We will leave it to the researchers of the next ten years and beyond to decide which of the results presented in this book are the most important. Here we will only indicate what are, in our opinion, the main open problems and research directions, among those that are closely related with the topics of this book.
This topic, studied in Chapter 6, is the most difficult to discuss because of the large number of new articles published every year. Hence, the following comments have a good chance of becoming rapidly obsolete.
The algorithmic consequences of the Recognizability Theorem depend crucially on algorithms that construct graph decompositions of the relevant types or, equivalently, that construct terms over the signatures FHR, FVR which evaluate to the input graphs or relational structures. The efficiency of such algorithms, either for all graphs, but perhaps more promisingly for particular classes of graphs, is a bottleneck for applications.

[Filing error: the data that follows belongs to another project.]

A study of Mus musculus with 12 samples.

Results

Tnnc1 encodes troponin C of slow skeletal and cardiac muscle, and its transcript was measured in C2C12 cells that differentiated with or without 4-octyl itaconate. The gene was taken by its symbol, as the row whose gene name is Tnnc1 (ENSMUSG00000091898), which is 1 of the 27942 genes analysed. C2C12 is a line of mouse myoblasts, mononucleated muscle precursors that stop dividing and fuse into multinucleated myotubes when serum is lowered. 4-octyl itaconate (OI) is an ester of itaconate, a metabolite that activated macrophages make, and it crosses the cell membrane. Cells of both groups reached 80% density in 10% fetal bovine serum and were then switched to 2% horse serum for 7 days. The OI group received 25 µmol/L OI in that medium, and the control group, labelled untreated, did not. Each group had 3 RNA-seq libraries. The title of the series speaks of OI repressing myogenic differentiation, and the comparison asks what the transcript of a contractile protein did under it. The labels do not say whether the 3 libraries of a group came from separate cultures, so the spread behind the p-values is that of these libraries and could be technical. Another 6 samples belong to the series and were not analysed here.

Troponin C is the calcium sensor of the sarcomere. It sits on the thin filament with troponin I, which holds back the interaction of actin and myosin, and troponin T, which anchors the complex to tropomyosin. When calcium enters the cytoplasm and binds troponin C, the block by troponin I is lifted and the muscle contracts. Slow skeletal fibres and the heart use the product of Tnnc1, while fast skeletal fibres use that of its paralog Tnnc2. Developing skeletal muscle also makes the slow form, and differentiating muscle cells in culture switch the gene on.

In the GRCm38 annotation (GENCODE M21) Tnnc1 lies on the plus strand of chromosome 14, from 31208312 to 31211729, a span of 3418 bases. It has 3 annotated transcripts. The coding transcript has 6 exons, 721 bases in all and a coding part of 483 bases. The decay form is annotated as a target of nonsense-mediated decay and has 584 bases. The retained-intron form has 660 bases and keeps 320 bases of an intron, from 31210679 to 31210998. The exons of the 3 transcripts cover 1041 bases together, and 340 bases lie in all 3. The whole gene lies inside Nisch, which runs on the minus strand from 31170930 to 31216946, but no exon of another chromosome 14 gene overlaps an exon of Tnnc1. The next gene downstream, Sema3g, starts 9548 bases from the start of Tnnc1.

Another difficulty is due to the sizes of the automata that result from the “compilation” of monadic second-order formulas. Their “cosmological” sizes (cf. [FriGro04], [StoMey], [Wey]) make their constructions intractable for general formulas. However, for certain formulas arising from concrete problems of hardware and software verification they remain manageable, as reported by Klarlund et al., who developed software for that purpose called MONA (cf. [Hen+], [BasKla]). Soguet [Sog] tried using MONA for graphs of bounded tree-width and clique-width, but even for basic graph properties such as connectivity or 3-colorability, the automata become too large to be constructed as soon as one wishes to handle graphs of clique-width more than 3.